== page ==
Give yourself some credit. Actually, get yourself some credit.
Credit seems like a concern for middle-aged adults with mortgages and car payments, but it’s something students should consider as well.
It is never too early to start establishing a good credit record. There are simple, low-risk techniques for building a credit score without having a wealth of funds or financial savvy.
Elissa Torres, SF State junior, wishes she had learned the lessons of credit before it came to haunt her.
She had an epiphany when she moved to San Francisco for school and struggled to find an apartment without a credit history.
“I was realizing, ‘Crap! I don’t have any credit. I don’t know how to go about getting a loan. I don’t even know about establishing credit. How do I even do this?’” Torres said.
Stephen Huxley teaches courses in personal finance at the University of San Francisco, co-author of “Asset Dedication” and is published regularly in industry journals like “Financial Planning.” He believes it is imperative for students to be aware of their credit.
“There are many sad tales of students who are so immature that they get themselves into credit card debt without even thinking about how to pay it off,” Huxley said.
Almost anyone can walk into their bank and walk out with a card. The credit limit and interest may be poor, but the opportunity is still there. However, a credit card that never leaves your wallet is just a piece of plastic. Credit rating companies only take into account debts that have been repaid.
“The generic recommendation is for a college student to take out a card with a low limit (something like $500 if possible), charge $20 one time, then pay off the minimum each month without fail,” Huxley said. “Then do it again after the $20 is paid off. Do not use it for anything else.”
Students should view their credit card solely as a means to establish credit, not a way to buy stuff they can’t afford. Making small charges that can easily be paid off is the classic technique for establishing credit.
Gabe Albarian is the author of “Financial Swagger,” a finance guide for college students. He points to a few little tricks that can accelerate the process of establishing credit while taking away some of the risk.
Albarian advises students with financially responsible parents to become an authorized user on their accounts.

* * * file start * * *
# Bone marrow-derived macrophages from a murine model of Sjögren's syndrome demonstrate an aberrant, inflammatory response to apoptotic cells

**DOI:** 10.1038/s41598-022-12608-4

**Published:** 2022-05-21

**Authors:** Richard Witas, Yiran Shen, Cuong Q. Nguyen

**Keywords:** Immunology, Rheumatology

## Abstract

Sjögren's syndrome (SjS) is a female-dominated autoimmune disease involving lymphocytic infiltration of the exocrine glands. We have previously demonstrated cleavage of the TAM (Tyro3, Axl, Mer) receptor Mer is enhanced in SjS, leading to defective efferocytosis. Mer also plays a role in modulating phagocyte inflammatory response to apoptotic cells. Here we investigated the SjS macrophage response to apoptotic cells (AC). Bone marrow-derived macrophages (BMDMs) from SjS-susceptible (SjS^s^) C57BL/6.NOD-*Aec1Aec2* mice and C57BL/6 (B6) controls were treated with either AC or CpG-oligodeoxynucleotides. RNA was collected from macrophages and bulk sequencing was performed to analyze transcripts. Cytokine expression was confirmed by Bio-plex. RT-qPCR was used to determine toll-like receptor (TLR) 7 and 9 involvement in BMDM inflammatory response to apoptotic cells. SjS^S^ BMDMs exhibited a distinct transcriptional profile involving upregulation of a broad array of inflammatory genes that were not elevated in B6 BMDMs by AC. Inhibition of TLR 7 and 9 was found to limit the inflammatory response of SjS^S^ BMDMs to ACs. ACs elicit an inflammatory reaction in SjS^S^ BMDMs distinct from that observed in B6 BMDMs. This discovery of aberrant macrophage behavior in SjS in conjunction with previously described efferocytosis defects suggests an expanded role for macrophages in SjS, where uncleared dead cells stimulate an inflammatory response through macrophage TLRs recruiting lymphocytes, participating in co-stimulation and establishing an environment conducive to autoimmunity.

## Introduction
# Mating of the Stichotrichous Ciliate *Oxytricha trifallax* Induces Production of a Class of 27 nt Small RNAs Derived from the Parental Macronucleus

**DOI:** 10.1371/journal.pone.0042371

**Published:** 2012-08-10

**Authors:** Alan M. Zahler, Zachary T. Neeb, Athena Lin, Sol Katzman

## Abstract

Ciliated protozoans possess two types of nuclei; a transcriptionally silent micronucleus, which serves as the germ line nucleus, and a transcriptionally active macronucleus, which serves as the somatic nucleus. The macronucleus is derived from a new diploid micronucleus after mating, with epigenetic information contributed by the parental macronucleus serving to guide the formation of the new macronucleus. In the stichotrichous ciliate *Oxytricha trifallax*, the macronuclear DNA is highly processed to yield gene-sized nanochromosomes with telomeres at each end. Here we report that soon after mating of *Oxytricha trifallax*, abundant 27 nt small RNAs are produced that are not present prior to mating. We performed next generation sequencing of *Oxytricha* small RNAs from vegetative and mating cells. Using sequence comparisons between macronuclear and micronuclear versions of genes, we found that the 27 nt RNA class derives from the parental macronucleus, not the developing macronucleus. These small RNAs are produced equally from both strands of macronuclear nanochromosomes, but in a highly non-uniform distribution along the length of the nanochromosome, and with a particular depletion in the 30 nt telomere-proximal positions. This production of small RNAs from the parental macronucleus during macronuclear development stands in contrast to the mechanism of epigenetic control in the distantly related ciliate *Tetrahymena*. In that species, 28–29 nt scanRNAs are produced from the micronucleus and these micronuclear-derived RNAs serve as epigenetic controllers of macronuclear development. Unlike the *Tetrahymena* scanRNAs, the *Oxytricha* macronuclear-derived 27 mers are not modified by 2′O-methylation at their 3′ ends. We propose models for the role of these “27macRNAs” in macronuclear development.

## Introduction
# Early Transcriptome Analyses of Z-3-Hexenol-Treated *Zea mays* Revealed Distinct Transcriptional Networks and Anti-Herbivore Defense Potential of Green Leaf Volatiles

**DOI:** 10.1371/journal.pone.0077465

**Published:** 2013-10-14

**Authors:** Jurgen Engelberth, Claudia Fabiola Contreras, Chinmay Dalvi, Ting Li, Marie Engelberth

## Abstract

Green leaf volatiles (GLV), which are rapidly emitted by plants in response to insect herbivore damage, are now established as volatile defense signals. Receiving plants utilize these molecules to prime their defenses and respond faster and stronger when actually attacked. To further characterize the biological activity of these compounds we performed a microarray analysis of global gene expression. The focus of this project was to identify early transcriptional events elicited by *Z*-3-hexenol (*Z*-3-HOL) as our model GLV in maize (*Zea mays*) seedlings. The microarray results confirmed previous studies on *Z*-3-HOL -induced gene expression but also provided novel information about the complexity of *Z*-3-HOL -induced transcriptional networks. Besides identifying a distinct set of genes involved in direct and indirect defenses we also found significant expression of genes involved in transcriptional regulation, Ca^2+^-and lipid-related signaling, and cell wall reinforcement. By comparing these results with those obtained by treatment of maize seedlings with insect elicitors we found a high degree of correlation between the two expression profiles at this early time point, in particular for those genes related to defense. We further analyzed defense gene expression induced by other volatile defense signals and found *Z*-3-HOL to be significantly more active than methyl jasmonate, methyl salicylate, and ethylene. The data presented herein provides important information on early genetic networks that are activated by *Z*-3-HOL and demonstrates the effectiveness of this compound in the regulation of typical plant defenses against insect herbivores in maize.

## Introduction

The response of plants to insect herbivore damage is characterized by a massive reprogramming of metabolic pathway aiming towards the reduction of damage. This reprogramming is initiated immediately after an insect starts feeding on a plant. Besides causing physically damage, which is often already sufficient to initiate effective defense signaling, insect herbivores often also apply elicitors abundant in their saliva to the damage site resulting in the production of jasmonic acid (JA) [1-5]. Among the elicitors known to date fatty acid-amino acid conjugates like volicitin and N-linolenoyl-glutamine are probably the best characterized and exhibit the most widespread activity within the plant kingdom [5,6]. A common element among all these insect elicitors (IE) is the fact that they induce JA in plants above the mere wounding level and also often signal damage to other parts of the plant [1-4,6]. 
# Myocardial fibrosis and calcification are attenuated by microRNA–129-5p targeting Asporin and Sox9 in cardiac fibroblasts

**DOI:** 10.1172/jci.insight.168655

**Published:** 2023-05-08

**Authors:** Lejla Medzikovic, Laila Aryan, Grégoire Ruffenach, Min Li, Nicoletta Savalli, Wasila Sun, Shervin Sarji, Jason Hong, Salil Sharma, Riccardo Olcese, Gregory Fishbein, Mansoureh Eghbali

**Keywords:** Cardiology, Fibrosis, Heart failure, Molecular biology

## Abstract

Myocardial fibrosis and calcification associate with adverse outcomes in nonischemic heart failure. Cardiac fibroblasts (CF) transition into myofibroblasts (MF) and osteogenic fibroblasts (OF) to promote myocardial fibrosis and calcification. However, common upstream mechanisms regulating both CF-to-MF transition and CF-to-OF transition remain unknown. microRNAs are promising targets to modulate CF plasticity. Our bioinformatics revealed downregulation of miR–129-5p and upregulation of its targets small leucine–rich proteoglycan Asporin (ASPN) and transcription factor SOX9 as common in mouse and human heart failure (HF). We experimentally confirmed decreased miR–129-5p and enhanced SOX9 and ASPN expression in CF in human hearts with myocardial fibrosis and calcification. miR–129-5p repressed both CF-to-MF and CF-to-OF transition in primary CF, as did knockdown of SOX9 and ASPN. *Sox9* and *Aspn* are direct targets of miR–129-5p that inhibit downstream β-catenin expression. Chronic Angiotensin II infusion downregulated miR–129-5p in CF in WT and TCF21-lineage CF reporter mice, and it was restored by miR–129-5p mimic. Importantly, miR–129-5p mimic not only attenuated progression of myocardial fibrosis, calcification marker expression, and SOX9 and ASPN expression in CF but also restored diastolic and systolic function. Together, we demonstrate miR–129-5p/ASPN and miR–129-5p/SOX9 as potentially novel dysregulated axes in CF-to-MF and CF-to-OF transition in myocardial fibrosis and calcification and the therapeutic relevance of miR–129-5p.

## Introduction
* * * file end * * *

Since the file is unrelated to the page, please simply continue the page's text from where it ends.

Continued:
An authorized user attaches themselves to the credit activity of anyone on the account. Basically, the parents’ payments count toward their child’s credit score.
“Their responsible payments, their credit history, whatever it may be will be transferred to your credit history and give you a better credit score within months, which is wonderful,” Albarian said.
Albarian emphasized that students become an authorized user, not a co-applicant. Co-applicants carry much more liability than authorized users.
Another method to lower the potential for massive debt is a secured credit card. A secured card is similar to a regular except that it requires an up-front security deposit. The card is then issued with a spending limit equal to the amount of the deposit.
“The amount of your credit limit becomes the amount you have secured in this account,” Albarian said.
Secured cards are easier to get because the deposit protects banks. They also protect the consumer by ensuring that there is always real money to back up charges on the card.
There is consensus among experts that one of the fundamental things to understand is that having credit matters and uncontrolled spending will have real consequences.
Torres has seen these consequences for herself in the shoppers customers who come into The Gap store where she works.
“Some people, it really screws them over because they reach their limit and say ‘Oh, I can’t really pay for all this,’” Torres said.
Albarian believes students should understand their own impulses and compensate for them. He recommends that those who don’t trust themselves ask their banks for a lower credit limit as protection.
“They give you a spending balance of $5000. It automatically becomes this feeling that you have $5000 of free money to spend that you can delay the payments until later on in life,” Albarian said. “That’s not the reality of life.”
The simplest and most important method to establishing credit is to make your payments on time. It may seem basic, but missed payments are a recipe for compounding debt and a bad credit score.
“If we really know ourselves well, we know what our spending habits are like. We can really teach ourselves to budget,” Albarian said. “Make your responsible payments and make them on time.”
Torres learned the lesson and is on her way to a high score.
“I know I’m only 20 but any step to start establishing credit would be a good step,” she said.